DARLINGTON, S.C. — Dale Earnhardt Jr. has pondered what it will be like when he climbs into his No. 88 Cup car for the final time, how he’ll feel as he takes the green flag and what his emotions will be when the checkered flag waves not only on that race but his career in NASCAR’s highest series.
His sister, Kelley Earnhardt Miller, knows how she’ll react.
“I’m going to cry because at most events when there is anything historical or involves my family or something coming to an end or something changing, that’s just what I do,’’ she said.
Maybe Earnhardt will, but it might not be at the time he expects.
As Earnhardt looks ahead to what will be the 631st and final Cup start of his career in less than three months, he thinks about the last race with crew chief Steve Letarte, now an analyst for NBC Sports.
“I never really thought about what that would be like until Steve ran his last race with me at Homestead,’’ Earnhardt said of the 2014 season finale. “He was as cool as a cucumber all weekend, at least in front of everybody, in front of me and the guys in the hauler and everything.’’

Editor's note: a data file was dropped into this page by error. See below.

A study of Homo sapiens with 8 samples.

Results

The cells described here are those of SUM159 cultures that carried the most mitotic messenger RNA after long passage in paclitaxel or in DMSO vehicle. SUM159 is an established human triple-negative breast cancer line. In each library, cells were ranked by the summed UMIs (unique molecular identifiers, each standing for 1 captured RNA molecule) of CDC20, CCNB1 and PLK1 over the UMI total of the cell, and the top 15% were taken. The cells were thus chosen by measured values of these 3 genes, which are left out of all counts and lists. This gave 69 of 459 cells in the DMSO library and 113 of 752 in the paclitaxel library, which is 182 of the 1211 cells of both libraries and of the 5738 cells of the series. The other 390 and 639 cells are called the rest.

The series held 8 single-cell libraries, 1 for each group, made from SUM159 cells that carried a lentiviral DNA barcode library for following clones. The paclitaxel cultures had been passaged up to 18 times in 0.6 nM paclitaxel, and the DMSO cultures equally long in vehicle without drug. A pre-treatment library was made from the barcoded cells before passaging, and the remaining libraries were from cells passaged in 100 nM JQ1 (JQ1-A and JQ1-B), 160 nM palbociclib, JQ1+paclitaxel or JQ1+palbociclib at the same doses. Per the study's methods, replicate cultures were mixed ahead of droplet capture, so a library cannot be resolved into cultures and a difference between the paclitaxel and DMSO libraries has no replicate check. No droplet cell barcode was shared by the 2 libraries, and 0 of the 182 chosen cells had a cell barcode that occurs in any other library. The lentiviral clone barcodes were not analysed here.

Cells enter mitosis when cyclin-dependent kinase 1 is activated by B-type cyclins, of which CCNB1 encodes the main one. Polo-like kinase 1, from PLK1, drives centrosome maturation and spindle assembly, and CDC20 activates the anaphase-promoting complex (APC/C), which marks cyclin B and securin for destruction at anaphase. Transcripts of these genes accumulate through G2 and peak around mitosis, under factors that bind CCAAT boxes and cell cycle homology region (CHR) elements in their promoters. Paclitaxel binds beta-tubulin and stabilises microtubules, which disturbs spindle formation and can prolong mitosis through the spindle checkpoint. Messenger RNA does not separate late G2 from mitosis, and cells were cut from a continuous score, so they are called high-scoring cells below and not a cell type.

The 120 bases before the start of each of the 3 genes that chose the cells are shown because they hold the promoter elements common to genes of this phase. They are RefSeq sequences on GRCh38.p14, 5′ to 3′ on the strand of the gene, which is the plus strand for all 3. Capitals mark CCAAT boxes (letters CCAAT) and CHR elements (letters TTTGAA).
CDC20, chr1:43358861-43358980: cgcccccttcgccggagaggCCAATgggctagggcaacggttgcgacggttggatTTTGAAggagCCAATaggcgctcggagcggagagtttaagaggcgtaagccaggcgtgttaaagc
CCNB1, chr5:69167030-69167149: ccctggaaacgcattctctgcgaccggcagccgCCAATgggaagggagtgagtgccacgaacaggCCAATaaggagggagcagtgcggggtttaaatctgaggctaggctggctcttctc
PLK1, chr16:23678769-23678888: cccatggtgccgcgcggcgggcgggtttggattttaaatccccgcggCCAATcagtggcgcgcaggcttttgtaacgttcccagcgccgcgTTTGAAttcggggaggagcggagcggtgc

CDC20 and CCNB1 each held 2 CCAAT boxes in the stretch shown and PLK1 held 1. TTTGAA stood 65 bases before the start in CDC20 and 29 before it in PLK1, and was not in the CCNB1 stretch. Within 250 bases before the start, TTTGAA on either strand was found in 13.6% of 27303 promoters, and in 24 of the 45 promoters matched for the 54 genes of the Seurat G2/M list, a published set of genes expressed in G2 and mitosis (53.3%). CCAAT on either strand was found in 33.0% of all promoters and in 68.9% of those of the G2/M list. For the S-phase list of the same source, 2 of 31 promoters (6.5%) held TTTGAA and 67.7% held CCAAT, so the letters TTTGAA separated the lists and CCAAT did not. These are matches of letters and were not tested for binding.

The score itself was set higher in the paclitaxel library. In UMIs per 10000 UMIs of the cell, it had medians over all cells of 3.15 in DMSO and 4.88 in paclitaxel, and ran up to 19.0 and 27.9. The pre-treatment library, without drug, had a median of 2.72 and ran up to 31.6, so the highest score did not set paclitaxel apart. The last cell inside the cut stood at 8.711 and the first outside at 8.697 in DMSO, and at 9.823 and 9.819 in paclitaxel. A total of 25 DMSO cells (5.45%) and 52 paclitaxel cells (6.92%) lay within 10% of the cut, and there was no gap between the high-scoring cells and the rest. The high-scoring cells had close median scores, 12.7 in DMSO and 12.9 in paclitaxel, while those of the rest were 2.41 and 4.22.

Letarte says he didn’t get emotional that weekend as he spoke to his team before the race or had pictures with his family on pit road.
He was fine when he leaned into window to give Earnhardt his final instructions before cars pulled off pit road. Letarte started talking about the race, how he’d coach Earnhardt off the top lane and run the middle of the track.
“Then I wanted to let him know something, like, ‘Hey, it’s been great,’ ’’ Letarte said. “Disaster.’’
Earnhardt said: “(Letarte) just fell out and started crying and bawling like a baby. And I thought, man, and I started crying too, to be honest with you. It was a difficult moment.’’
Letarte said: “I think it would have been better if I had looked at (Earnhardt), and he would have been like a tough guy … but I look at him, and he’s crying. We’re a complete mess.
“There was that moment that I didn’t anticipate, didn’t expect and there was no way I could keep it together. That was without a doubt the toughest 30 seconds or so of the entire weekend. It’s tough thinking back to it.’’
Earnhardt knows for as much as he tries to steel himself that final weekend, surrounded by family, friends and teammates, it will be the unexpected moments that likely will hit him the most.
“I imagine that is going to be part of it for me, and it’s going to be hard to not have those emotions at that last race,’’ he said.